I shall not dwell on the matter any longer. But I thought it was necessary to quote about six examples in order to make it absolutely clear to the House that I was not talking about an isolated situation, and that there are literally scores of examples of phase 2 being broken, and phase 3 will be broken as well, although the miners and millions of other industrial workers will be held back.
It is my job as one of the miners' representatives to expose what is happening on the other front. Those who have had to live on £31 a week and less are being taken for the biggest confidence trick ever. The miners are being offered £2·30 with an accident rate of 80 in the past year, with 700 more dying as a result of pneumoconiosis ; 17,000 have died from that disease and associated diseases during the last 20 years. We should compare the life of the miner with that of the property speculator. I am told there has not been a single accident in the whole history of property speculation.
The struggle will continue. I will not go into the realms of a national energy policy—some of my hon. Friends may develop that argument—except to say that it is perhaps summed up in these words. The oil policy of this country until the present day has been based on the words "We should be all right for oil, chaps, because King Hussein was trained at Sandhurst." That has been the philosophy of successive Governments. The present Government must understand that the oil crisis which they face can be solved only by a national energy programme which, so far as we on this side of the House are concerned, means the nationalisation of North Sea oil.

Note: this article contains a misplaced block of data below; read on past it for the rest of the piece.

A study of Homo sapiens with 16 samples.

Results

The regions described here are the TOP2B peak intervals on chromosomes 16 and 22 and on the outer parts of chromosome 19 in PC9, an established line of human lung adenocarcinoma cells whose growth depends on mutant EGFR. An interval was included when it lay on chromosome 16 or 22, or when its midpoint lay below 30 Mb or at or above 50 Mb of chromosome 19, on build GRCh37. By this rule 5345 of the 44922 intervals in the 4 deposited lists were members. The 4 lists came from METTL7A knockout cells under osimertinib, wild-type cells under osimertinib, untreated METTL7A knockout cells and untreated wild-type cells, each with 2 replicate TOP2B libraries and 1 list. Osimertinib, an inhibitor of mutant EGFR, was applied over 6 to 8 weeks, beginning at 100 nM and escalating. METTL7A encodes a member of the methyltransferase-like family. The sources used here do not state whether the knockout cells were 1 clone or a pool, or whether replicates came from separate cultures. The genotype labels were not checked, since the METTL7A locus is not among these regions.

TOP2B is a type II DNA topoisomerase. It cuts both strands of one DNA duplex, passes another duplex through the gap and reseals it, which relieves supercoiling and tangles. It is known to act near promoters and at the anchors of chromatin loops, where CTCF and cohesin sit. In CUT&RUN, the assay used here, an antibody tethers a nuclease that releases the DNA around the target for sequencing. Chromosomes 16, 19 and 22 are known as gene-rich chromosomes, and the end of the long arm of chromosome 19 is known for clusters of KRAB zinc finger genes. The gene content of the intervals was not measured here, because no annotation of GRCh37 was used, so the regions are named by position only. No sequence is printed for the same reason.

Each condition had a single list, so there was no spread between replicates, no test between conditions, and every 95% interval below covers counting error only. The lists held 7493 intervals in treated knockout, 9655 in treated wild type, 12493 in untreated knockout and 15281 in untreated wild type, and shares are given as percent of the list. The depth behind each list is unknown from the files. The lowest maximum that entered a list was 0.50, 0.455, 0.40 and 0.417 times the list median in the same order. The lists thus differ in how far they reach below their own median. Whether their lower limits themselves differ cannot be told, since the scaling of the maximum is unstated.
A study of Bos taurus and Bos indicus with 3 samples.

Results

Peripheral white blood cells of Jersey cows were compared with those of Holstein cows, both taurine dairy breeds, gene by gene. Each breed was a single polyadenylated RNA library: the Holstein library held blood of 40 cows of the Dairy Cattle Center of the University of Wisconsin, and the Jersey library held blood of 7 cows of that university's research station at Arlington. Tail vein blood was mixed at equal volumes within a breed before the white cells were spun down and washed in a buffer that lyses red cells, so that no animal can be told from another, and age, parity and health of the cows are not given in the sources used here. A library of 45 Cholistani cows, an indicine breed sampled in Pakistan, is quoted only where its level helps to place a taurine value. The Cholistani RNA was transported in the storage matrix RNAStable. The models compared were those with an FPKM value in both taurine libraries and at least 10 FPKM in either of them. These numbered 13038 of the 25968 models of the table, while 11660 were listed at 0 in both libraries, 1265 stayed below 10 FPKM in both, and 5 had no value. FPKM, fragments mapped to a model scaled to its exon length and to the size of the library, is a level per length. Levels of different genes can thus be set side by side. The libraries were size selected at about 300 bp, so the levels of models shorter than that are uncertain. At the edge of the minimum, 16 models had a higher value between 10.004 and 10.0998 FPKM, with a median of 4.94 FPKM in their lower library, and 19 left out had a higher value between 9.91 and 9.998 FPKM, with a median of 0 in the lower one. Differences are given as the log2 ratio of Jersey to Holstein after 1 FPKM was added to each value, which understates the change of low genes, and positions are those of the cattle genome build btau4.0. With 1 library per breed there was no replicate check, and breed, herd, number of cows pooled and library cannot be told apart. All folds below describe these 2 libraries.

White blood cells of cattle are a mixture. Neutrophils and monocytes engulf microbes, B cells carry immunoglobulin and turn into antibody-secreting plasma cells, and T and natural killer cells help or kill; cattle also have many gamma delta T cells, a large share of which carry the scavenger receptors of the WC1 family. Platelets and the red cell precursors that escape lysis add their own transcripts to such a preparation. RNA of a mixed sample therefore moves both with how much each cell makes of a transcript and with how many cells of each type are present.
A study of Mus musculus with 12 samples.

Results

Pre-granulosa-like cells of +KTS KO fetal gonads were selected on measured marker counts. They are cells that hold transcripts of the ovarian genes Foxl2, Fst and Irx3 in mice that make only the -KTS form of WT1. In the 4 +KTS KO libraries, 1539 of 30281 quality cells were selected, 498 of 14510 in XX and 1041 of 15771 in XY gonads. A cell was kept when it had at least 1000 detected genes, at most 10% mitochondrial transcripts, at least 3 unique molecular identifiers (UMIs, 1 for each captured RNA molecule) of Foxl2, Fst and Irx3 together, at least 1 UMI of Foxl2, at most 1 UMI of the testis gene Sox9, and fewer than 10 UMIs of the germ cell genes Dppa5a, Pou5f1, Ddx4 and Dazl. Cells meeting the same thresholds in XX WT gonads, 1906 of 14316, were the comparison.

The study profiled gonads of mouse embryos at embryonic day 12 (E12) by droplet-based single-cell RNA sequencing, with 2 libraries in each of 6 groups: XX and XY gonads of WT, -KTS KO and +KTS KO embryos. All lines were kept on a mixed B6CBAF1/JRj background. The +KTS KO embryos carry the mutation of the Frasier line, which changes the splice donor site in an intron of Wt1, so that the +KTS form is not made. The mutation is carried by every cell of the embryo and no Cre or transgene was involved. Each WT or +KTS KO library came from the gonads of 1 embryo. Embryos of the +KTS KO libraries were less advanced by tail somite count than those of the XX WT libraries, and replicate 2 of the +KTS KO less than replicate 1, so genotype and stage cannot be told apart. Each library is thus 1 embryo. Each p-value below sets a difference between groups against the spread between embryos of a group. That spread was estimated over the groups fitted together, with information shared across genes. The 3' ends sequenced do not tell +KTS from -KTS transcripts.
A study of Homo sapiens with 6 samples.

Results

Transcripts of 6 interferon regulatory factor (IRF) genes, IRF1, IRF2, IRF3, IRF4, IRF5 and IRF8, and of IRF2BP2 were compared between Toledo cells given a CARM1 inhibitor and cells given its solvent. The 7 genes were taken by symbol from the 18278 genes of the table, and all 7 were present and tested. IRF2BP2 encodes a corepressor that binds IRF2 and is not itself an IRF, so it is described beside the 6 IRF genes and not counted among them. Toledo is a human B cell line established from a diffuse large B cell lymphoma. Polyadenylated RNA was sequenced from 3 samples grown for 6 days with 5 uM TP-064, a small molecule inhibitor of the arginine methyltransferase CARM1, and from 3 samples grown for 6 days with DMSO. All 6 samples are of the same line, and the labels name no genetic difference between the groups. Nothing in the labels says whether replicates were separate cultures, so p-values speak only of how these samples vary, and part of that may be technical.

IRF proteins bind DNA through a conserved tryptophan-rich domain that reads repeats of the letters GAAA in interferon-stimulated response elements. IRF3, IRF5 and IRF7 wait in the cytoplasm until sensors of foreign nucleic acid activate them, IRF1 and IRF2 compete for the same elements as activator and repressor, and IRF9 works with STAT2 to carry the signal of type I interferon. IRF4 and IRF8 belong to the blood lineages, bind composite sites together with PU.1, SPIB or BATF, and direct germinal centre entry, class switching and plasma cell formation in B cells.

I want to conclude by referring to the words of somebody who has been connected with the mining industry for 50 years. I saw these words in a local newspaper last week. They are very important words, and the House would do well to listen to them. They are :
Repeatedly miners' leaders have warned the Government that miners would not be available to get the coal the country needs because of wastage and the fact that men were leaving the pits because there were no incentives for them to stay in an industry that did not give them a standard of living commensurate with their labours in such an environment.
Those that are leaving by hundreds every week are acquiring new skills for more congenial and better-paid jobs. I would not utter one word against them going, nor encourage others to take their now vacant places. Miners today are a different class
from those of us of the 'Hungry Thirties'. They realise that life has something better to offer than 'the daily trudge down smokey lane to gloomy mine then home again'. Education has broadened their outlook and given them a sense of new values which can enrich their lives outside the hazards of mining. They have a much better opportunity of being able to say at the end of the day 'Life has not passed me by'.
I have talked to many of them and without exception they have said 'I wish them all the luck in the world in their struggle for a just settlement. They deserve what they seek. May success crown their efforts' ".
Those are the words of my hon. Friend the Member for Hemsworth (Mr. Beaney) in an article which appeared in a Hemsworth newspaper. He has had more than a little difficulty in expressing those thoughts in the House during the last few years. I thought it necessary to utter a few words which represent the views of my hon. Friend the Member for Hemsworth, and I echo every one of them.